Reaching for Stardom

(Photo: Vincent Leo; Design: Katie Zhao | Daily Trojan)

When Mikell Antonio returns home from classes, he steps into a room filled with studio lights, backdrops pushed against burnt orange walls and UPS packages filled with hoodies and shirts, ready to be shipped out to customers. 

Antonio, a sophomore majoring in aerospace engineering, created his own “luxury streetwear” clothing line during Spring of his freshman year. What started off as a sketch of a shirt evolved into Étoile — a brand selling clothing and accessories that encourage people to be “entirely [themselves],” fearlessly explore their individuality and let that “individuality become a reality,” according to the clothing brand’s website. Antonio said the brand is planning on branching out from men’s streetwear to womenswear and business casual clothing in the future.

“I just want people to love what they’re wearing, [and] love who they are outside of the clothes,” Antonio said.

Having been into fashion since he was young, Antonio remembers selling homemade bow ties at 12 years old and watching “Project Runway,” a fashion design reality show, with his older sister. Antonio began considering pursuing fashion as a career when he started sketching shirt designs in his Trojan Hall dorm room last year. 

“In that moment, I was like, ‘I’m going to make clothing and I’m going to start a company,’” Antonio said. 

When Antonio first approached his mother Arkima McGhee about his idea for Étoile, McGhee said she was thrilled to see her son’s passion but anxious to see if people would buy his clothing.

“As [parents], we want our children to succeed, and so for me, [Étoile] was big,” McGhee said. “He showed so much passion for it, so I was excited for him to step out there on faith not knowing if someone outside of his family would purchase anything.”

To ensure Antonio was committed to his business venture, Antonio’s parents requested a business plan before his father invested money. Antonio started the business plan the same week, spending days working out numbers for each shirt’s cost, price and profit and researching manufacturers and printmakers he could work with.

After his parents approved his business plan, Antonio made an initial order of 80 shirts and began selling to friends, family and students at USC and his Baltimore hometown through hand-to-hand interactions and Instagram. 

To streamline clothing sales and further promote the line, Antonio decided to use a two-week trial to launch a website during mid-April of last year, resulting in larger success. After the website’s creation, Antonio said Étoile’s exposure to 200 online visitors per day increased.

Cameron Green, a friend of Antonio who met him while they were both living in Trojan Hall, witnessed Étoile’s development into the brand it is now.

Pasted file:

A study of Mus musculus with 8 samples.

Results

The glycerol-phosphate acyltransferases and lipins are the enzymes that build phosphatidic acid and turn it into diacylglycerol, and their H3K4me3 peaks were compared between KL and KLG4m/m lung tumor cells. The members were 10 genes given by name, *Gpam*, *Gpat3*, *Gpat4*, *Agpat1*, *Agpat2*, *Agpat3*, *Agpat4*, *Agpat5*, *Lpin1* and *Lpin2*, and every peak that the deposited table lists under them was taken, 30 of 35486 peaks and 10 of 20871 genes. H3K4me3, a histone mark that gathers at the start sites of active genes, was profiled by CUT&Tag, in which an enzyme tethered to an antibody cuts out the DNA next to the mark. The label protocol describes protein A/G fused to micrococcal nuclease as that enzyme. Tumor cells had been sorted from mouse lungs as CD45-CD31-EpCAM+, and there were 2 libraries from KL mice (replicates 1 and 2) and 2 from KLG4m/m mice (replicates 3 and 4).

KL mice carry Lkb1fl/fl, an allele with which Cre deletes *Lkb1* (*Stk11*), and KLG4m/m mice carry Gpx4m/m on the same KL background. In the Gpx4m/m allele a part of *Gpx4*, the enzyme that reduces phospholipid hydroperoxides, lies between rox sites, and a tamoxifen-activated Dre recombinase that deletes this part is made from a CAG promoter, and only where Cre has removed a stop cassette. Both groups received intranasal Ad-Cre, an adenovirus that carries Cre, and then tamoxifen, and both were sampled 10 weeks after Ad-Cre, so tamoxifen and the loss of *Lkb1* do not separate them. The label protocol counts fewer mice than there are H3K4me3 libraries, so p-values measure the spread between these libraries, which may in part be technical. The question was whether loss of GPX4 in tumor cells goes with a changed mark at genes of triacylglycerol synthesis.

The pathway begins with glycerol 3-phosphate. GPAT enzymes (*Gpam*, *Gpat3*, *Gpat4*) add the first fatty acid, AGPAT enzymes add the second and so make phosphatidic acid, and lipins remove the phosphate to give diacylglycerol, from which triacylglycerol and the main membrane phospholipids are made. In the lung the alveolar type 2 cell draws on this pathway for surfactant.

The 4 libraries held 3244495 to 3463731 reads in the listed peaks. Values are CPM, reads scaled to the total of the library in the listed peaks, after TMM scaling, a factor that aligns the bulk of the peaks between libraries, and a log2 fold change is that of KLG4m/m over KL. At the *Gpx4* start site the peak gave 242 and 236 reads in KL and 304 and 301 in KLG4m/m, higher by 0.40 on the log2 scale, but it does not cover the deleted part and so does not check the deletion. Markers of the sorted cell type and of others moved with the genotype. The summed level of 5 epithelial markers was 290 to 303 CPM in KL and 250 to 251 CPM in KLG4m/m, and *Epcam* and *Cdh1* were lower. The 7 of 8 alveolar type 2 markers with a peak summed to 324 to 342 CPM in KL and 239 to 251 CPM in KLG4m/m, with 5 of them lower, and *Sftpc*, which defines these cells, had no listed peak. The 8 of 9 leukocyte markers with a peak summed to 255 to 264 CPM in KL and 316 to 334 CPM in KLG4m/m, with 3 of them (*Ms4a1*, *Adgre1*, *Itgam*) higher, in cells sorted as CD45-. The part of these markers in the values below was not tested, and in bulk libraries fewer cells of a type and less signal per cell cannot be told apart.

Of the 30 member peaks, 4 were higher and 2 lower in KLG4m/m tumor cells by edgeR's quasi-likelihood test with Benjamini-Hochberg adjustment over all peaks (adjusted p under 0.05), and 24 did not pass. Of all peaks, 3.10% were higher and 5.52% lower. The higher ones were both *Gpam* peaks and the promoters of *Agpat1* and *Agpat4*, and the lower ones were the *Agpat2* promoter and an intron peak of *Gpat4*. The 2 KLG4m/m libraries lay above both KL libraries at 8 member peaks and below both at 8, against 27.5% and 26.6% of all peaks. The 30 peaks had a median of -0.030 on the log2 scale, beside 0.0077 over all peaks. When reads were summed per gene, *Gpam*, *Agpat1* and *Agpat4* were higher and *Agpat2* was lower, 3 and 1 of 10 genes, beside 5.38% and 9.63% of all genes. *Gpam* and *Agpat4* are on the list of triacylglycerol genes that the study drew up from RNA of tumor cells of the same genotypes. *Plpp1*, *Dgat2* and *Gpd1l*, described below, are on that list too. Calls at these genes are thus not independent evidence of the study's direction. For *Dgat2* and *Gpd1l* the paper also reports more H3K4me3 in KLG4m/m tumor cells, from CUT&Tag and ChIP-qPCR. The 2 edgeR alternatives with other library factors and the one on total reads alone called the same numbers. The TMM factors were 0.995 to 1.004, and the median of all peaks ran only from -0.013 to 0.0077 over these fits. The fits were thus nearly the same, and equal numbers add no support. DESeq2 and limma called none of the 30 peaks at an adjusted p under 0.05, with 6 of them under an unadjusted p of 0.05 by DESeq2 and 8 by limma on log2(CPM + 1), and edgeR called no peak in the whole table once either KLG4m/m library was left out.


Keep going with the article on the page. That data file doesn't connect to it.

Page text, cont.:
“When I first met [Antonio], every time I came into his room, he’d be on his iPad doing designs or designing things for t-shirts,” said Green, a sophomore majoring in computer science and business administration. “I remember when he first told me about the website … and now a year later, the website is up.” 

Translating to “star” in French, “Étoile” is more than just a clothing brand to Antonio. 

“The stars are the perfect description of my life,” Antonio said. “From aerospace to looking at the stars to the fixation I have with space … it all kind of came together for me thinking about how stars are something we all have different meanings for.”

As a clothing line creator and aerospace engineering major, Antonio uses fashion design as a way to balance his artistic and academic engagements. 

“Yes, I’m an engineer and yes, I think like an engineer, but I’m also a creative and am always looking to change things, which makes me an innovator,” Antonio said.

The French name was also deliberate, as Antonio related the “foreign, but familiar” language to the concept of individuality, a central theme of Étoile. 

“The brand is about exploring who you are completely and being an individual,” Antonio said. “[Individuality] is something we have a concept of, but we don’t fully embrace it or understand it, so it’s foreign to us. Foreign, but familiar, [like French].”

Due to the clothing line’s growth, Antonio has begun to work with a small team to brainstorm marketing and photography ideas. Even as Étoile expands, he continues to remain involved with every part of the business: Before every order is shipped to its customer, Antonio ensures the product’s quality and fit are up to par. Antonio also frequently reviews his site to see which products are popular and then makes improvements accordingly, whether it’s adjusting the graphics of a shirt or shipping costs.

With the success he’s had so far, Antonio said he intends on giving back to his Baltimore hometown by hosting a shoe drive at his high school, Baltimore Polytechnic Institute, in March and a coat drive during the upcoming summer.

Antonio said Étoile strives to represent the rawest form of individuality and to help people celebrate all the facets that make them who they are. 

“Being entirely you represents everything that encompasses a person,” Antonio said. “It’s the person who they are and not who they project. It’s the rawest form of you. It’s a true self. The you that you’d be if no one was watching as well as the you that you are because people are watching.”